Update Corriente Steers!
New Rules Expected August 25th
The primary discussion among ropers this year has been the border closing or for the more informed, downgraded regulatory status for the Mexican state of Chihuahua in relation to Mexican steers moving to the U.S.. You can imagine that it is foremost in discussions among contractors concerning its impact on the roping industry this fall and possibly well into next year. Just to remind you, the increased incidence of tuberculosis in Mexican cattle caused the shutdown of roping steers back in June and more stringent export requirements to took effect on August 25th.
Starting in June of 2011 USDA had two different sets of rules, one for horned cattle and a different one for feeder cattle. While USDA prohibited the import of horned steers they continued to import thousands of feeder steers into the U.S.. This was clearly a violation or their own Uniform Methods and Rules. When the new rules took effect on August 25th the Chihuahua Corriente cattle once again are treated the same as feeder cattle and will no longer be prohibited to import into the US. However, before you think this situation is over, this does not mean the roping cattle will start crossing!
The details of their exact import requirements have not been distributed in writing but are understood to follow the 2005 UMR . The determination of herds and testing in Mexico will be overseen by the SAGARPA officials. We will do our best to hit the high points here without the regulatory double speak. Bascially the TB test requirement for Accredited Preparatory (lower status for Chihuaha) is; there will be a whole herd Test (CFT) required of steers prior to export to the United States. The time (4 months) that these steer have to be held together is the big item. These tests will be required to be administered by the approved accredited veterinarians under a file called SAGARPA Officials Approved to Endorse TB test charts Chihuahua 2011.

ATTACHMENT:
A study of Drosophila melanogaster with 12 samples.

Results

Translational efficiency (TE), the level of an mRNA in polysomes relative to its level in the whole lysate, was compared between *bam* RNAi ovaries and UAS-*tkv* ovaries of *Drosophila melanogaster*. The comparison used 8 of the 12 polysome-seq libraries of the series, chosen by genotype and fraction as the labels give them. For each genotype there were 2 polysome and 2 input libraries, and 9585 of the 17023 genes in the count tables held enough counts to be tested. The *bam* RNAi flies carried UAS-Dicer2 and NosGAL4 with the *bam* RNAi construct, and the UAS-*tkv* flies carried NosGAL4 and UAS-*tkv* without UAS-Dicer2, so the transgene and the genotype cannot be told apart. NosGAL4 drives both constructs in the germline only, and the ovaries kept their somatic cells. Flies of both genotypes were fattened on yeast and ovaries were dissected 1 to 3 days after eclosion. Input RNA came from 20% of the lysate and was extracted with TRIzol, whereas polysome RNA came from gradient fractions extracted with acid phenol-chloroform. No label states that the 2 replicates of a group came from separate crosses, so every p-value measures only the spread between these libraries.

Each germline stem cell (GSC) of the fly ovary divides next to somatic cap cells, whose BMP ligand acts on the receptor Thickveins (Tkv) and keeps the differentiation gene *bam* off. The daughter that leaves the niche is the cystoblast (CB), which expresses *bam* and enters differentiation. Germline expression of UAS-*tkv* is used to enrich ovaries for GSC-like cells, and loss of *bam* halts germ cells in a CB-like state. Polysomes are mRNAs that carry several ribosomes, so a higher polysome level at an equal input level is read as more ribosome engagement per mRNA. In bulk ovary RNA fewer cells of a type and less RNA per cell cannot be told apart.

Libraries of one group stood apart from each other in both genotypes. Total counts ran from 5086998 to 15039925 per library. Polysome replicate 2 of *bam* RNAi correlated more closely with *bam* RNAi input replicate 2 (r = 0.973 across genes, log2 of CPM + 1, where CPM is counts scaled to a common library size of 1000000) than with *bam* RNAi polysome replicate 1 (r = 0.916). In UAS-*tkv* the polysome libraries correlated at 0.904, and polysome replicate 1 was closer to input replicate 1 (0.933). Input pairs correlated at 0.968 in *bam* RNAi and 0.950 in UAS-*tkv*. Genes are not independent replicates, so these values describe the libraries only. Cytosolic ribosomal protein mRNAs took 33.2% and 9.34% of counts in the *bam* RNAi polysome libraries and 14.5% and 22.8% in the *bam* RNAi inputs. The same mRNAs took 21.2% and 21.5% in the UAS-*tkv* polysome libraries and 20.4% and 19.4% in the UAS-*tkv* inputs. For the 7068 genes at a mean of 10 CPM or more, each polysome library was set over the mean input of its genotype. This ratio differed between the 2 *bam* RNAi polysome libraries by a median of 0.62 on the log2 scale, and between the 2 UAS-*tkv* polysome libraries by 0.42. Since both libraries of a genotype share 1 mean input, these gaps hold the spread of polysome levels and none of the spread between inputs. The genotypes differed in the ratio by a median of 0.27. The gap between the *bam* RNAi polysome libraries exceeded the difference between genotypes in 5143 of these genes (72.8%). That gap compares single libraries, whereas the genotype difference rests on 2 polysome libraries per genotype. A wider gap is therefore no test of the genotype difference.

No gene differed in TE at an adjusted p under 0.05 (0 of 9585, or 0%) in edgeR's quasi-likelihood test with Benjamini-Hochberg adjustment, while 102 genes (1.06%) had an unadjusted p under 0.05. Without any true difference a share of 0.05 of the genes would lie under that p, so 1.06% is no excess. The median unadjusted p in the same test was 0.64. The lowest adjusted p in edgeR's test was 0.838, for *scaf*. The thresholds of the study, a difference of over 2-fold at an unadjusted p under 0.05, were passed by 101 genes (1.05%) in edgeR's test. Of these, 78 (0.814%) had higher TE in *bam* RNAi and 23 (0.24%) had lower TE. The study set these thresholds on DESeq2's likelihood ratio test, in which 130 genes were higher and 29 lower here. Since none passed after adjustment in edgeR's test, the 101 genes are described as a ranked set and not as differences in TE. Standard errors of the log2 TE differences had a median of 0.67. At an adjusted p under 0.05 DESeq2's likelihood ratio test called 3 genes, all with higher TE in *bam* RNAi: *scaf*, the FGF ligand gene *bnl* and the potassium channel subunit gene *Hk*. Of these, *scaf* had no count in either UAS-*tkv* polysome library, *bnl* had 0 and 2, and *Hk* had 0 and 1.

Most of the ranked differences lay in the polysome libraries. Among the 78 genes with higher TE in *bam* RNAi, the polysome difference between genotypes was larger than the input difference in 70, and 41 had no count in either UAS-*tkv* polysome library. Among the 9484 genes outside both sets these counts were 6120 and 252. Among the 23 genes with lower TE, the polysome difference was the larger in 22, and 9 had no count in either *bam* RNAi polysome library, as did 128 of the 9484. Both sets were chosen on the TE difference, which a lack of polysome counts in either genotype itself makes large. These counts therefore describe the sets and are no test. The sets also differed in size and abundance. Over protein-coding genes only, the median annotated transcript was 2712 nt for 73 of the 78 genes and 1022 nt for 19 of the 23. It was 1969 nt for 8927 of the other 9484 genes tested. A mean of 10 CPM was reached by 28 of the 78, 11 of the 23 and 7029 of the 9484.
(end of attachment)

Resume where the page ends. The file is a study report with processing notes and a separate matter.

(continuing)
There does seem to be an understanding that there is difficulty in establishing what a herd test may comprise in light of the way that the Chihuahua Corriente cattle are managed. Therefore, USDA will accept a group of cattle as a herd provided the group has been assembled for 4 months and has had no additions to the group during that 4 month period. After 4 months all animals in the herd must be tested to meet the whole herd test requirement.
What This Means - the time clock on herds start ticking on the 4 month time period as soon as the herd is assembled and tested. As long as no new individuals are added to a herd, a test would be done at 4 months and then if there are no problems these cattle will be allowed to cross. So pending no additional problems, Mexican steers could possibly start crossing the border again in mid- January (provided someone can put together a herd of cattle and find feed in Mexico). Keep in mind that owners of these cattle will expect compensation for four months of feed, plus additional labor costs. If that cost runs the price of steers up an additional $250 to $300 per head above their normal cost, it may not matter that the border will be open.
A side note - There was a little glimmer of hope for awhile in October that some of the trapped steers would get out. USDA quickly blocked that and came up with some new regulations to make sure they couldn't get out until 2012.